It was a bit unfair of some Blades fans to ridicule and goad the Coventry City fans’ protests last Thursday.
Football supporters of all but the biggest clubs must always remember the saying “There but for the grace of God go I.”
So many clubs have been ruined by absentee or speculative owners, often from overseas but just as often they are home-grown property marketeers who know the price of something but not its value. When the haphazard but traditional city centre Highfield Road ground was sold, Coventry fans were told it would bring the club a wonderful new stadium and bags of money. They got neither.
The bags of money the fans were promised went on paying off debts and buying and paying vastly overpriced players. It resulted in inevitable relegation (twice) and a plunge towards oblivion, via Northampton. Just how on earth a hedge fund benefits from owing a struggling football club is beyond my comprehension, and probably beyond the comprehension of better financial minds than mine.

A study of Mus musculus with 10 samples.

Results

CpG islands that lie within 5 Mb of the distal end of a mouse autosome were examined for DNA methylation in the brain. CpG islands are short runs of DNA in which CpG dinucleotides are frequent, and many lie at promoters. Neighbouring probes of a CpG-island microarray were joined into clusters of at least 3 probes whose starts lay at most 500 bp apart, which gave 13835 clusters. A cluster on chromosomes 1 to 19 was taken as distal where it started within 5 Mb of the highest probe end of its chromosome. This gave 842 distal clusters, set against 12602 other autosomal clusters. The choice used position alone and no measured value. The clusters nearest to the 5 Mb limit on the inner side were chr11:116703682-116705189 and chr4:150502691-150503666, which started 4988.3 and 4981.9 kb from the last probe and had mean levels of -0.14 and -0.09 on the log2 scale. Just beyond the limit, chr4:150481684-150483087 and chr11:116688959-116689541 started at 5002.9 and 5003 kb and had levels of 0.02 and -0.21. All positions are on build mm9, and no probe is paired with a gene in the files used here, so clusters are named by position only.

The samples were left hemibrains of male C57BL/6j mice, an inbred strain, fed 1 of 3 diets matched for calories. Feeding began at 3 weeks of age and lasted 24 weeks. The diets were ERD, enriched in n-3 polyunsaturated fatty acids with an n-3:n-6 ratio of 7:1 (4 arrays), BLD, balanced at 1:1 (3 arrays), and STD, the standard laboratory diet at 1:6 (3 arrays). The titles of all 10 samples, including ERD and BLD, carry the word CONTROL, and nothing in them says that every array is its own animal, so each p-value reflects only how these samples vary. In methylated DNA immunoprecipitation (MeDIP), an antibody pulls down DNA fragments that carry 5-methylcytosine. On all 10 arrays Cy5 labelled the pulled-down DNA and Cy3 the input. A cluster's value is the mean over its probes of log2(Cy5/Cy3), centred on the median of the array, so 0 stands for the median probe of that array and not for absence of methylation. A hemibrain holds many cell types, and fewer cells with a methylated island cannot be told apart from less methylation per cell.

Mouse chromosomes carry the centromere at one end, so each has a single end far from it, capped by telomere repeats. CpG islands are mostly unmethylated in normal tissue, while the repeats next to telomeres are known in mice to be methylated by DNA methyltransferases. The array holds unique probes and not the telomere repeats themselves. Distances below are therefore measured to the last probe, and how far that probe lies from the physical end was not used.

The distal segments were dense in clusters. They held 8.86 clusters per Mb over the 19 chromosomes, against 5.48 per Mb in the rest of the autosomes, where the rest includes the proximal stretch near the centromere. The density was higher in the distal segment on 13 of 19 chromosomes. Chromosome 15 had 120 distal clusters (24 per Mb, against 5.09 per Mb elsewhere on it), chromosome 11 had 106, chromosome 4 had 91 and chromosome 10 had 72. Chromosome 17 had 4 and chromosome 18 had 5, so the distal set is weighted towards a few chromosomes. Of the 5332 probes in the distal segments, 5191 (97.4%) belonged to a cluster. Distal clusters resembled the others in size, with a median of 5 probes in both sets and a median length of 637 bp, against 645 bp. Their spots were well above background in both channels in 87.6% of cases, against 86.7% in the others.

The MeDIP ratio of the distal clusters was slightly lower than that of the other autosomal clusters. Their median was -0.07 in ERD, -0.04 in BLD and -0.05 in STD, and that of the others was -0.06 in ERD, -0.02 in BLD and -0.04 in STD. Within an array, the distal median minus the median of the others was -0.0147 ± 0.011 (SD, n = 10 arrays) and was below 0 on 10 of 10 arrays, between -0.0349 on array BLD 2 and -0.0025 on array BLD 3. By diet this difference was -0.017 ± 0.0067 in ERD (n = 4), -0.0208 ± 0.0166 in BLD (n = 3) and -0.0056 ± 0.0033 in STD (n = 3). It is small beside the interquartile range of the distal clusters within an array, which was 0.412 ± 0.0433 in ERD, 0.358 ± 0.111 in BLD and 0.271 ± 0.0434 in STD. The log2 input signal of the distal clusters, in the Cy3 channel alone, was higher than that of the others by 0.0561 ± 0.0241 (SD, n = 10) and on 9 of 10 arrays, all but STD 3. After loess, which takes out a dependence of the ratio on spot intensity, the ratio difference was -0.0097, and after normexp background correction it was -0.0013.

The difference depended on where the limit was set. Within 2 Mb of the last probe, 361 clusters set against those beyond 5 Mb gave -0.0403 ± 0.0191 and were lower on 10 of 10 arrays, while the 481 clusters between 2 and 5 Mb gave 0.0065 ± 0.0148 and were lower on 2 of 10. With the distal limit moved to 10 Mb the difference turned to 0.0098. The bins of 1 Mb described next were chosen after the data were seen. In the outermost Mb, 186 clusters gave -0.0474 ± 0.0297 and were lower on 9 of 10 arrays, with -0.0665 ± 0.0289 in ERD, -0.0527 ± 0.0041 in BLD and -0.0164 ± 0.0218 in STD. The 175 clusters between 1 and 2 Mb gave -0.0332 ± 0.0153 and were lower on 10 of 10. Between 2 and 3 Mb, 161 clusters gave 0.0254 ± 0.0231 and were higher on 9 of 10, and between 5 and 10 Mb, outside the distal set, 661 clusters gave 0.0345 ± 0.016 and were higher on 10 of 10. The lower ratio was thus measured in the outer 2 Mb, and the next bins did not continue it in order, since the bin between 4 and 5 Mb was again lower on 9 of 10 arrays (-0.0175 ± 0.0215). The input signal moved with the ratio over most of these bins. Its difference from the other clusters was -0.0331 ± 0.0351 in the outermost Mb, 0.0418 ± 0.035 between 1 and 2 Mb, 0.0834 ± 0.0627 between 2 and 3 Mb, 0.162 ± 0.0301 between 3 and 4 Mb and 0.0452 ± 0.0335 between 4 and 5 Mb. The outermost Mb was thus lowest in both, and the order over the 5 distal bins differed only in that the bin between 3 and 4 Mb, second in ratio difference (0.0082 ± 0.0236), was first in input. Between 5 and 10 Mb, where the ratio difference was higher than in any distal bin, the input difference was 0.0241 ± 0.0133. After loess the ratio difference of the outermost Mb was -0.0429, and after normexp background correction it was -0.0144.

When BIFA was protesting against Reg Brealey’s ownership of the Blades in the mid 1990s we made a vow never to deliberately disrupt a match, restricting protests and demonstrations to the minutes immediately before kick-off, and to outside the ground. But however much we wanted rid of Reg, it was small fry compared with the goings on at Coventry, Charlton, Blackpool and many other clubs. It just shows how desperate these fans are to save their clubs in the face of what from the outside appear to be faceless, uncaring, money-grabbing owners.
Would Blades fans do the same in similar circumstances? Hopefully we will never find out, and whatever you think about the McCabe family, they are benevolent benefactors when compared with some. There are two morals to be learned from the straits of Coventry City: never sell your ground and be careful what you wish for.